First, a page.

The modern Olympic juggernaut can be blamed for many things, including the deafening media noise that tends to consign truly important events to oblivion. This is what recently happened in the aftermath of the London games to the tenth anniversary of a Finnish athlete’s potentially epoch-making interview.
On 11 August 2002, Janne Holmén won the men’s marathon at the European Championships held in Munich. A native of the Swedish-speaking and fiercely autonomous Åland islands, Holmén did not excel at Finnish-language interviews, though he spoke fluent English and French. Given the 24-year-old athlete’s virtual lack of marathon experience, his triumph was arguably the biggest surprise of the pan-European meet, and observers immediately recalled two other Finns, Pekka Vasala and Lasse Viren, sharing the 1500, 5000 and 10 000m Olympic gold medals between the two of them at the same stadium thirty years earlier.
Holmén savored his victory with a Finnish flag that had been tossed at him. Pictures of him holding the blue and white flag aloft adorned front pages the following morning, even though the runner-cum-student himself had come to regret those images. A doctoral student at Uppsala University at the time, Holmén took his PhD in history four years later.
In a candid interview with Hufvudstadsbladet (14 August 2002), the leading Swedish-language Finnish daily, Holmén said he would rather have not celebrated the greatest moment of his athletic career with the flag. Taking a principled stand against sportive nationalism, he decried the display of national symbols in any kind of contest. National anthems too ought to be dropped from the cérémonie protocolaire, according to him.
Unsurprisingly, Holmén’s musings were largely perceived as unpatriotic, and the ensuing media furor proved more vocal than the coverage of the actual victory celebrations. Holmén had clearly touched a raw nerve with his remarks. Thus, while the newly crowned European champion dismissed banal exercises in nationalism, many others – those with absolutely no stake in his achievement – told him to shut up and put up with the flag-waving photo op.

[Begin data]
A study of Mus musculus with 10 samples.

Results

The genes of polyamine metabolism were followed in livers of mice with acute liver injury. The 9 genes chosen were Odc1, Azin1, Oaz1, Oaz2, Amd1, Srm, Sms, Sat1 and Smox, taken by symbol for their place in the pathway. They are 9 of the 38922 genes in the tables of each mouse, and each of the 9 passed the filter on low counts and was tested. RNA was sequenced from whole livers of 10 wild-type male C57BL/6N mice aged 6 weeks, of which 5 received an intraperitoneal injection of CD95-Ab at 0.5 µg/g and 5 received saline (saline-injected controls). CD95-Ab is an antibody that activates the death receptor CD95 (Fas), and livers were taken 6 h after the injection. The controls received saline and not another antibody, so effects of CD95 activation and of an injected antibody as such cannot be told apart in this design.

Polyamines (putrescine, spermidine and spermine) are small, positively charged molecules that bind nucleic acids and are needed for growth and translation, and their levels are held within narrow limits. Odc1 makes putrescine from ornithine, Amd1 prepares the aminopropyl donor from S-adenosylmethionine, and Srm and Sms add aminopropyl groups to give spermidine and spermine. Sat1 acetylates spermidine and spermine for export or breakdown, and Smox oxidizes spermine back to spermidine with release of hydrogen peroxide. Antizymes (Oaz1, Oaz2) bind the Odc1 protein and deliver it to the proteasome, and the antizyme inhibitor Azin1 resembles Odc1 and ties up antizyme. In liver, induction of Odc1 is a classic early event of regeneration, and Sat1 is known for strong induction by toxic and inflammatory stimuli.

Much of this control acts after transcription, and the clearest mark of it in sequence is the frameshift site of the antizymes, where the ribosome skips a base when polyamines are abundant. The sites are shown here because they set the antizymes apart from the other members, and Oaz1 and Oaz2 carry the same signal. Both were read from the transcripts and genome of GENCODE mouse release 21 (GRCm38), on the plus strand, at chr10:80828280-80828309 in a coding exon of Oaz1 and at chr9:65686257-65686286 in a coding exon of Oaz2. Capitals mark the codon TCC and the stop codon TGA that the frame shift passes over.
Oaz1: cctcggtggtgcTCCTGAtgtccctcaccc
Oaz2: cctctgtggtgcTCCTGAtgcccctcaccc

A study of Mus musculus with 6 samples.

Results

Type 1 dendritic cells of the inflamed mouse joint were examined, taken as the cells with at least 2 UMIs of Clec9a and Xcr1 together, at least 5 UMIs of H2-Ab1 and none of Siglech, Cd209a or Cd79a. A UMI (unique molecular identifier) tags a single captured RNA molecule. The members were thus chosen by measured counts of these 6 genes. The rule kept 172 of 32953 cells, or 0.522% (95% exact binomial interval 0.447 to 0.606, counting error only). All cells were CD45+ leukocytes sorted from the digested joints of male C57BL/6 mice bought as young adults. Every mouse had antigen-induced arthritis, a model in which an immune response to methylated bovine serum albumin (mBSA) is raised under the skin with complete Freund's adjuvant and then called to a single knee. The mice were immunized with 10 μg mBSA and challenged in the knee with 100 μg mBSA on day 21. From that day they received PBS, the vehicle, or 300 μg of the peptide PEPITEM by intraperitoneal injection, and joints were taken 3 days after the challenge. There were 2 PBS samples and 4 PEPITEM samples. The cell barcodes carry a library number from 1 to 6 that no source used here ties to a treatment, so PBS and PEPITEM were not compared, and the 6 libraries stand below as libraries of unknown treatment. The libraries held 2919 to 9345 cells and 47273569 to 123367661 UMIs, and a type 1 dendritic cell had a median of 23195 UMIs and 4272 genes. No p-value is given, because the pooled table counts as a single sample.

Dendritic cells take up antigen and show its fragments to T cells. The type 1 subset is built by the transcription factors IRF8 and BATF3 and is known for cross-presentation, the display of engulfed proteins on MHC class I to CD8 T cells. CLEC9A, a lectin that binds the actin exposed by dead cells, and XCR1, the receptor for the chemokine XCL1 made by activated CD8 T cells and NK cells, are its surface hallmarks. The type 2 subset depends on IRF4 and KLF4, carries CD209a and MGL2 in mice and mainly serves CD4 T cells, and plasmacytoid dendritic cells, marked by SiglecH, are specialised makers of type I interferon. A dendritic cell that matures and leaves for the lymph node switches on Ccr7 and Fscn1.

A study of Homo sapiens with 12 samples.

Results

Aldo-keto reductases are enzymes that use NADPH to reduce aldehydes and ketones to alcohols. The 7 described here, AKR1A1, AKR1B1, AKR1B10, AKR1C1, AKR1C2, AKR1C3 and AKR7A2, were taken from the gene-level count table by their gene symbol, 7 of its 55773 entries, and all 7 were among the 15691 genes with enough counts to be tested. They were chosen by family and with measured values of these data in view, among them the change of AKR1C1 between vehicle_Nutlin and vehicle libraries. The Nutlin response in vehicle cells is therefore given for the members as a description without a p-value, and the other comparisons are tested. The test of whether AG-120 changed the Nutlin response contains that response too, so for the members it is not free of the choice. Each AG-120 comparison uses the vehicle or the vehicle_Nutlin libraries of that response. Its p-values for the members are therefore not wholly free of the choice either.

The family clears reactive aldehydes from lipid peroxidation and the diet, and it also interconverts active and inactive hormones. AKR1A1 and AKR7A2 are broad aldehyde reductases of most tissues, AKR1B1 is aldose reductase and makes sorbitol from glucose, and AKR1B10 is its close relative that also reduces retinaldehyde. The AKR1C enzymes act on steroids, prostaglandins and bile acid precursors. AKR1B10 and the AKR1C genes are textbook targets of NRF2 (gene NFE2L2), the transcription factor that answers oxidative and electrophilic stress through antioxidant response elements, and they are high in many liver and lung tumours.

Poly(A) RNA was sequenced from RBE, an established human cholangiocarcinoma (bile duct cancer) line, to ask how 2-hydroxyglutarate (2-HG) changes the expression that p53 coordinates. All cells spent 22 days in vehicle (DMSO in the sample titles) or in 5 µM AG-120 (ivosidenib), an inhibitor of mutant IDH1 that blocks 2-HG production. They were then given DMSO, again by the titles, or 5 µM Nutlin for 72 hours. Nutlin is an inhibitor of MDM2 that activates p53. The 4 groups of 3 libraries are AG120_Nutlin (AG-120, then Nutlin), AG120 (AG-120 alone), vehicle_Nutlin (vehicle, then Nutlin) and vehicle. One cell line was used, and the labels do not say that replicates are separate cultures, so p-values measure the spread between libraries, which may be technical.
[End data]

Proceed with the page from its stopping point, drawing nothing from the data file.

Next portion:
As a former hardcore track fan I remember Carl Lewis being scolded at the 1984 Olympics for ‘calculated’ post-race behavior. According to his critics, there was something suspicious about the haste with which he grabbed the nearest available American flag after each gold medal effort. (Lewis won four events at the Los Angeles games.) In a similar vein, Lasse Viren’s laps of honor at the 1972 and 1976 Olympics caused a minor controversy as flag-carrying Finns invaded the track to keep him company. At both games Viren had to take his second victory lap (the one he deserved by winning the 5000m race) alone; security measures had been tightened up in the meantime.
In the twenty-first century, by contrast, flags are handed over to athletes as a matter of course at every major meet. Indeed, winning any medal has become a legitimate excuse for a nice little jig with the flag. Can one even imagine an athlete of Holmén’s caliber refusing the sacrosanct cloth? The media would no doubt brandish such an athlete as an enemy of the people, politicians would sanctimoniously bemoan his or her appalling lack of manners, and sponsors would in no time desert the unmarketable medalist.
It seems, as a host of academics have noted, that the so-called globalization of sport has by no means rendered nationalism an obsolete concept from an unsophisticated past. Scholars should therefore probe the exact evolution of the post-race flag celebration over the past few decades. Would any landmark moment emerge from a scrupulous reading of events? Could the quasi-obligatory flag interlude be somehow connected to the implosion of communism and the outbreak of old school nationalism in post-communist countries?
Speaking of communism, I also remember officials at the 1980 Moscow games effectively denying victorious athletes the option of an extra lap, though surely not because of an aversion to nationalism as such. Instead, the Soviet stalwarts of ‘planned (Olympic) economy’ exercised vigilance over ‘petit-bourgeois individualism’. Yet today athletes and officials across the world are united in their quest to promote the cause of sportive nationalism – unless, of course, some of the medalists are merely going through the motions while awaiting a courageous colleague to make the first rebellious move.
Let the memory of Janne Holmén’s words not vanish, and may there soon appear an athlete who turns the marathoner’s reflections into reality! That would truly be a deed on a par with the Black Power salute of the American sprinters at the 1968 Olympics.